Fashion And Student Trends show transports viewers through time and space


Sharp, sleek wires decorated the runway, while a fluid light show projected onto a background of jagged shapes, setting a tone for Continuum that implied futurism and bustling kinetic energy.

FAST president Ming Cong explained, “I interpreted it as a time and space continuum — at least, not the John Mayer album.” According to Cong, her interpretation did hold a presence at the show — “I loved when designers did a space-themed one. There was a white dress with a wire at the bottom (and) a couple looks with LED lights.”

However, Continuum’s concept and definition constantly evolved throughout the night, with each UC Berkeley student designer showcasing his or her unique vision.

“I think I interpreted it in a narrow and almost superficial sense,” Cong said, commenting on the transformation of the night’s thematic concept. Continuum led to two divergent trains of thought — some students interpreted it as envisioning the future, while others took their collection to revisit past eras — which both touched on Cong’s concept of linking time and space.

The night’s thematic timeline was incredibly expansive. Retro throwbacks ranged from Joanna Guo’s “Alice in Wonderland” interpretation, which evoked Victorian England, to Sarah Mount’s ‘20s meets ‘70s clash, in which flapper girl silhouettes were decorated by hippie-inspired fringes and florals. In an elegant highlight of the show, designer Wesley Yu displayed an entire collection inspired by the Baroque Era, which was set to a Bach-esque piano number. Decked with fabric displaying luscious gold embroidery, the collection suggested tones of Versace in its ornamentation.

On the other hand, other student designers sought to push boundaries with an eye towards the future. Beyond several space-themed collections noted by Cong, “edgy,” “monochromatic” and “minimalistic” were prevalent descriptive tags at the show. The futuristic designs incorporated more cutting-edge textures such as a holographic, color-warping skirt and dresses in lame, which had an aluminum sheen that evoked the electrifying urbanity of Lanvin.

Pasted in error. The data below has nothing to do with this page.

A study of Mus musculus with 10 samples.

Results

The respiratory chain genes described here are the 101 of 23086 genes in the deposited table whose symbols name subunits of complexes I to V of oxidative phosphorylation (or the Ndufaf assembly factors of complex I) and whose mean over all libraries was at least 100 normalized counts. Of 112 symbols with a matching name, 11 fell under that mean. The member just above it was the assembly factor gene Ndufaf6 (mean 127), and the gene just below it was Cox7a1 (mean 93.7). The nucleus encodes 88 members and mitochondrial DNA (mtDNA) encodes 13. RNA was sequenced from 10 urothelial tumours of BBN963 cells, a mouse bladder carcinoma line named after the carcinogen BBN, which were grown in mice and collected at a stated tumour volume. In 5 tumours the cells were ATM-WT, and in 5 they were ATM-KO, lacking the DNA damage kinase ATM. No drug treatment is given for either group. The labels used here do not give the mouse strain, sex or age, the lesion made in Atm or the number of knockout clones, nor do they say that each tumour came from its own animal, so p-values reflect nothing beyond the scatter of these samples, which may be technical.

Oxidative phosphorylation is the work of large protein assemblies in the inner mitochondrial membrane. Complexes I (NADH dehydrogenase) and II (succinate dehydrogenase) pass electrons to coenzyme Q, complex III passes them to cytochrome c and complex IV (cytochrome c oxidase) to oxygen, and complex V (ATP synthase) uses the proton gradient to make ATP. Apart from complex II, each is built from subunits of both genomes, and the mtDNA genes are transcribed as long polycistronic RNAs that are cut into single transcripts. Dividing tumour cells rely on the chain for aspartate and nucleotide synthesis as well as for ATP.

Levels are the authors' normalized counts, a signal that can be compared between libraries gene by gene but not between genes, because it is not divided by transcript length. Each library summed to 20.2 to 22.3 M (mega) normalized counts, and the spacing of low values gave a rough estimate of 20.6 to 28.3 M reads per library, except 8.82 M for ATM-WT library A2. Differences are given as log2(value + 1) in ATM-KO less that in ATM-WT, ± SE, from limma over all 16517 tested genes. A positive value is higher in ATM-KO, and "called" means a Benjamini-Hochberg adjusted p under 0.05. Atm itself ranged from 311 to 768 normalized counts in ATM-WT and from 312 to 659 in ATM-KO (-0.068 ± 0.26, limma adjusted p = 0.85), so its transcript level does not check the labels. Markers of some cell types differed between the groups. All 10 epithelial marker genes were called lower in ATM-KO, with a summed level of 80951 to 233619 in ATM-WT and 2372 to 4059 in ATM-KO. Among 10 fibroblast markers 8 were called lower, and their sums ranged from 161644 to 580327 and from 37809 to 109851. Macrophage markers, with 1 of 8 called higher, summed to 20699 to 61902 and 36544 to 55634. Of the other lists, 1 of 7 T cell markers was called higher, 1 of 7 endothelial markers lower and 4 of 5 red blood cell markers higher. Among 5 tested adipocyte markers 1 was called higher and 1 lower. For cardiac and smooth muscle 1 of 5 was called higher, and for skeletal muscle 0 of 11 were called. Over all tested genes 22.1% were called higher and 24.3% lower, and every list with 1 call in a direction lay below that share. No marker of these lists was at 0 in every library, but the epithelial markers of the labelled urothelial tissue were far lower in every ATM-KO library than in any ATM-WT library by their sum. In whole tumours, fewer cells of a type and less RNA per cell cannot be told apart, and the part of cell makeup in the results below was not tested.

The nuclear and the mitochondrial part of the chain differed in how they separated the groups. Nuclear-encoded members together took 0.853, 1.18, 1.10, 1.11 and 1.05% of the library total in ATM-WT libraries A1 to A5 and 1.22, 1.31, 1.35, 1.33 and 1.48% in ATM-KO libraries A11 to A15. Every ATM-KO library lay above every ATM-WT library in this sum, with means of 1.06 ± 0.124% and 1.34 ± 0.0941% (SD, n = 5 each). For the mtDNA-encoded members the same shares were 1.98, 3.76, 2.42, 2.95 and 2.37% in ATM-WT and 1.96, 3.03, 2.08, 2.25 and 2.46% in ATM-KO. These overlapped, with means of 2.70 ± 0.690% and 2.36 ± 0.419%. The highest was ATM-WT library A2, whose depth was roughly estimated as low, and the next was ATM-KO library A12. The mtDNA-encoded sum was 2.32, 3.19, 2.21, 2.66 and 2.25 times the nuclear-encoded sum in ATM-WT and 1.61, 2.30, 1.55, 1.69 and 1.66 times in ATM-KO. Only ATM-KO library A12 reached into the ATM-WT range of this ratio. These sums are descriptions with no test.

Beyond the edgy minimalism and retro throwbacks prevalent at Continuum, other trends that Cong noted included the following: “lots of floor-length skirts. Lots of crop tops. Very sleek skirts and baggy skirts. People pushed more for evening wear.” Floral was also a common motif that took various forms — from fabric prints to ruffles that popped across dresses to floral headbands.

The night also displayed the transformation that FAST itself has gone through over the years. Cong remarked that “in terms of design, the show has really improved … Everything was a bit more avant garde this time. They were definitely more wearable last time.” A high point of the show’s avant-garde dimension included Cory Mohn’s tongue-in-cheek Photoslut collection, in which every piece incorporated Mohn’s own selfie as a print.

While each FAST designer of the night approached fashion as a hobbyist, many of them demonstrated a surprisingly deft skill that promised potential for careers in the industry.

“I don’t think it’s really a question of skill for them,” Cong said. “Wesley Yu actually has an investor. Several of the designers are reaching that point in their lives where they have to decide.” Cong herself will be heading to New York this summer to intern in retail. If Friday night’s show was any sign of the creative talent to be found on campus, Berkeley just might be making a name for itself in New York sometime soon.

Jason Chen covers fashion. Contact him at [email protected].

A previous version of this article may have implied that Wesley Yu’s designs featured actual embroidery. In fact, they featured a printed pattern.